Taking on Tokyo: Emilee Studley's Off-Campus Experience
There are times when I am walking through Tokyo, talking to my host-family in Japanese, or ordering local cuisine from a privately owned business, that I truly cannot believe that I’m half way across the world on an island called Japan … it seems that this country, no matter how long I stay, will continue to surprise me with more things to learn and discover.
Ethnic Studies Students Discuss 'Genesis of Hip-Hop'
Albion College's Ethnic Studies Scholars discuss "The Genesis of Hip-Hop" with a panel and discussion Wednesday, April 4, at 6 p.m. in the Bobbitt Visual Arts Center.
The event will cover the origins of hip-hop, its social and political context, and original purposes. The presentation will focus on 1970-80s development, but presenters include current student researchers and performers.
This presentation is free and open to the public. For more information contact event organizer Calvin Walds (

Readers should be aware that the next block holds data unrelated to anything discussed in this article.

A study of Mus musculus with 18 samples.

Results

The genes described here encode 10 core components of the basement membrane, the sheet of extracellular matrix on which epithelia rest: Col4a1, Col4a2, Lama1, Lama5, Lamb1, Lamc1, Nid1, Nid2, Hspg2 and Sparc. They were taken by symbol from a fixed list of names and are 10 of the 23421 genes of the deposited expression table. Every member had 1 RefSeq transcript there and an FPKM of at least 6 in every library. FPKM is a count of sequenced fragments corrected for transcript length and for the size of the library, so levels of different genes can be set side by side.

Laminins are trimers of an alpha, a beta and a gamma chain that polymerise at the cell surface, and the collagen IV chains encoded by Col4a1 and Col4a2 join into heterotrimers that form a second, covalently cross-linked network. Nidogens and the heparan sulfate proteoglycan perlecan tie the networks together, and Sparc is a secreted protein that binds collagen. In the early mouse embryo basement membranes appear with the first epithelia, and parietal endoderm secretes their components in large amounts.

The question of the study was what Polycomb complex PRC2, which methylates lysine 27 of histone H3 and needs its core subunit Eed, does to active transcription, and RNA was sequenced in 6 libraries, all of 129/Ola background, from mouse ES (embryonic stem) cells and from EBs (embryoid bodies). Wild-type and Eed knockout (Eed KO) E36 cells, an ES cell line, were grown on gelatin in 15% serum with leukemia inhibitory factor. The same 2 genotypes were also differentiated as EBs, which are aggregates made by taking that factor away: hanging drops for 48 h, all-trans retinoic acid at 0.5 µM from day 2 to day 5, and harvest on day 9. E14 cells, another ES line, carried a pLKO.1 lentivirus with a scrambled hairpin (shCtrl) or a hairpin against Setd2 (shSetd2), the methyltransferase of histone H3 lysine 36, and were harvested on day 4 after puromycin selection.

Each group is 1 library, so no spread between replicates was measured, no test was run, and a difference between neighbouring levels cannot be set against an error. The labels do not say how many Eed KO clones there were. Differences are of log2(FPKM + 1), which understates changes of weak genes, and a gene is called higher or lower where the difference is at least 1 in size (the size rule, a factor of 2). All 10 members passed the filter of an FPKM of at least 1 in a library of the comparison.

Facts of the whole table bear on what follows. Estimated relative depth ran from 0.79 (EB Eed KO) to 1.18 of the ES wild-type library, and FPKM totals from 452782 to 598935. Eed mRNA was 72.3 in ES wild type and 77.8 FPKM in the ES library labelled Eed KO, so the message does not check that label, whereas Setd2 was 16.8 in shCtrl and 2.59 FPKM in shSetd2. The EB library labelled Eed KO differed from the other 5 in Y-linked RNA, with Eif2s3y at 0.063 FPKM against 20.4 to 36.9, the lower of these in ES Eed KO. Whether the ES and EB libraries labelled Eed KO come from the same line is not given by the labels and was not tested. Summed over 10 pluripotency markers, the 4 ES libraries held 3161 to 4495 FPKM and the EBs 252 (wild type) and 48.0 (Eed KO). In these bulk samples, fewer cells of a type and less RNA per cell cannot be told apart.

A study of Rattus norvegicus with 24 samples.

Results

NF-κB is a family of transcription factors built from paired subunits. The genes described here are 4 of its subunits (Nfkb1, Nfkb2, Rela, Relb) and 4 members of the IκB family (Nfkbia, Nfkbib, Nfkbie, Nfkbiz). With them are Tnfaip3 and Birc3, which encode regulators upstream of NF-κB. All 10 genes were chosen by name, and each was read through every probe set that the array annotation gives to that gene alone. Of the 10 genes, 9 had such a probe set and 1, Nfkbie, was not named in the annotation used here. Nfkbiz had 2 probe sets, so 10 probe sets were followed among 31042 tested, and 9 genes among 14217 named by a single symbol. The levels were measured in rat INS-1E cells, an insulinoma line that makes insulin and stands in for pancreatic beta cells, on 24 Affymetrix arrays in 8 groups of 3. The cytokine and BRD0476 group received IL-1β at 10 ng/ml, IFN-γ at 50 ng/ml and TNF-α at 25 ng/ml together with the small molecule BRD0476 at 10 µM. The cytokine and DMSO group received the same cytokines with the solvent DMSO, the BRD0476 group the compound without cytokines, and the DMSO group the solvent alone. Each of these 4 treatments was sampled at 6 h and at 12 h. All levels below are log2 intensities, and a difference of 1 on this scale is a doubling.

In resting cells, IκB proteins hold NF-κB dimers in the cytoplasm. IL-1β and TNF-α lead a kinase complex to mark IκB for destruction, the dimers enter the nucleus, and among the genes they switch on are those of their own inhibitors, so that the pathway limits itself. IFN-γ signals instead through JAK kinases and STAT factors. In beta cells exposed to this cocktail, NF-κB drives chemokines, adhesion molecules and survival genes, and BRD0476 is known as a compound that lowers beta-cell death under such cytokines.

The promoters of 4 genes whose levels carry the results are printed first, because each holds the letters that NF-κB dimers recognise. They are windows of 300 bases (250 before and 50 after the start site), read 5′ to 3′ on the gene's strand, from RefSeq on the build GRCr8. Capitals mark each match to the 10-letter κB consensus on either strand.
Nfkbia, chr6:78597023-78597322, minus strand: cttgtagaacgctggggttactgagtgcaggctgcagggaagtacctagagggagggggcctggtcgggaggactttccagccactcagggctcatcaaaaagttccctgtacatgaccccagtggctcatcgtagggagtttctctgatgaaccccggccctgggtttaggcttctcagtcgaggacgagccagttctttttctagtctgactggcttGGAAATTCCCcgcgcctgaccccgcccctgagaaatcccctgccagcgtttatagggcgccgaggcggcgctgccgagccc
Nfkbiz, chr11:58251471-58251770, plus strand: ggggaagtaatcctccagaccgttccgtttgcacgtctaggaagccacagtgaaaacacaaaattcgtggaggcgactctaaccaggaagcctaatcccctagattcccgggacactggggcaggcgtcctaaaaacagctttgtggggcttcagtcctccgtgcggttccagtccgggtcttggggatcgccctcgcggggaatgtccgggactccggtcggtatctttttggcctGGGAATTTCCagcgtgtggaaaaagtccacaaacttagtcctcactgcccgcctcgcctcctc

) or Demetrius Washington (
French, Religious Studies Professors Untangle Mystic Jeanne Guyon's Intriguing Story
Jeanne Guyon—wealthy widow in the court of Louis XIV, imprisoned for heresy and her friendship with a powerful cleric—is not the heroine of a historical novel, but the real-life subject of years of scholarship done by French professor Dianne Guenin-Lelle and religious studies professor Ronney Mourad. Their work has resulted in two new books, Jeanne Guyon: Selected Writings, released by Paulist Press, and The Prison Narratives of Jeanne Guyon, published by Oxford University Press.
Cameroon Trip Challenges First-Year Students' Thoughts About Africa
Kayla Gustitus and Alyssa Heilman were among a small group of first-year students from Albion College who traveled to Cameroon for two weeks in January. Led by Emmanuel Yewah, professor of French and the Howard L. McGregor Endowed Professor of Humanities at Albion, the trip challenged the students' original conceptions about Africa.